Jury awards $6.5 million to exotic dancers over tip dispute

A group of exotic dancers won $6.5 million in a lawsuit against a city of Industry strip club over tips.
A group of exotic dancers won $6.5 million in a lawsuit against a city of Industry strip club over tips.
(Rick Loomis / Los Angeles Times)

Nearly 250 exotic dancers were awarded $6.5 million after accusing a City of Industry strip club of taking their wages after they performed private dances for customers.

On Wednesday, a Los Angeles County judge announced a jury’s decision to side with the dancers and give them a significant payout.

“This money is not a windfall,” said the dancers’ attorney, K.L. Myles. “This is money that they earned that was taken from them.”


The nude, semi-nude and bikini dancers argued that management at Paradise Showgirls on Valley Boulevard illegally kept fees for services they performed, according to their class-action lawsuit filed in Los Angeles County Superior Court.

The 249 dancers say they were employees, not independent contractors, and were entitled to all wages, including tips.

Any tips earned, they say, were unlawfully shared with management and other employees, according to the lawsuit, led by exotic dancer Quincece Hills.

The plaintiffs said in the lawsuit, “Current employees are often afraid to assert their rights out of fear of direct or indirect retaliation.”

The law allows exotic dancers to accept money handed to them by customers as a tip or gratuity and for their sole purpose.

“We had a very thoughtful jury and the jury followed the law,” Myles said. “We believe it was a just verdict.”


Paradise’s attorney, Ernest Franceschi, said his client was entitled to the dancer’s wages because the dancers were essentially renting space in the club to perform their services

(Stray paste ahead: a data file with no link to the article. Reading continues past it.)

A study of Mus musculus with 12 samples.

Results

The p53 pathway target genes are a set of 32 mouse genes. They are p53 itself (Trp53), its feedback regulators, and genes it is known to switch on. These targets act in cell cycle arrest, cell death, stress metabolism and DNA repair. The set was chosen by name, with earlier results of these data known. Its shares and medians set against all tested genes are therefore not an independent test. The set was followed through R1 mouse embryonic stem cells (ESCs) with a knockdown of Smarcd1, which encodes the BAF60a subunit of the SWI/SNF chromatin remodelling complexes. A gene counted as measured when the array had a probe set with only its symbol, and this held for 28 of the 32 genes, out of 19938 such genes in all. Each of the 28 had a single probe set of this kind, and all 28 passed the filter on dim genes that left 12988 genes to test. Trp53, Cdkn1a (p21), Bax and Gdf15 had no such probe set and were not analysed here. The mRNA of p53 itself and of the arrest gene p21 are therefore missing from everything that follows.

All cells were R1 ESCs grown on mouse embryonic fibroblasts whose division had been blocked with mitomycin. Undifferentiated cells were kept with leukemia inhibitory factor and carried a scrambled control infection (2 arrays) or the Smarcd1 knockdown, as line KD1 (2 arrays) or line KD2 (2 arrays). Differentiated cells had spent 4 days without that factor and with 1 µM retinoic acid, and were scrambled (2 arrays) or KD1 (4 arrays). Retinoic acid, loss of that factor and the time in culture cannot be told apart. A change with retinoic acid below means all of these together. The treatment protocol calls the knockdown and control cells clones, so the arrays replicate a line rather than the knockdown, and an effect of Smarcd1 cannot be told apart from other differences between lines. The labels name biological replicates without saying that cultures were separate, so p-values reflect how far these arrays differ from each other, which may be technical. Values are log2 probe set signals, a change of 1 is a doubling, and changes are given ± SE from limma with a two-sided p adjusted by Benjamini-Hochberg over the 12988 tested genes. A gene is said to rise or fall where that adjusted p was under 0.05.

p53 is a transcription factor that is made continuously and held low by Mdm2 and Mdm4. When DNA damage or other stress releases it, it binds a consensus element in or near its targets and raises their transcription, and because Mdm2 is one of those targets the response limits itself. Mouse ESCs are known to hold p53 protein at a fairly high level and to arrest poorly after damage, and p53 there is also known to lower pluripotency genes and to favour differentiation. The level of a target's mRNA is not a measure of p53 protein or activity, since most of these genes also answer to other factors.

“They want all the revenue and don’t want to contribute to any of the overhead,” he said.

The dancers, he said, were seeking $13.1 million.

Franceschi said his client planned to appeal because the labor law applied to this case is unconstitutional.

“It’s an irrational classification,” he said. “We believe it violates equal protection.”

Franceschi said the strip club operation was supposed to work like this: A dancer charges $40 for a lap dance, with $14 going to the club and the dancer keeping the remaining $26.

“VIP” dances are normally performed in private rooms and the rate is $300, of which $200 the dancer keeps, he said.

The fees paid to the club cover staffing, security, advertising and marketing, he said.

But Myles said that’s not how the law works. She said the law was specifically designed to protect exotic dancers and their earnings.

The club, she said, has continued to take dancers’ earnings and hasn’t changed its policies, so she is seeking injunctive relief to stop them.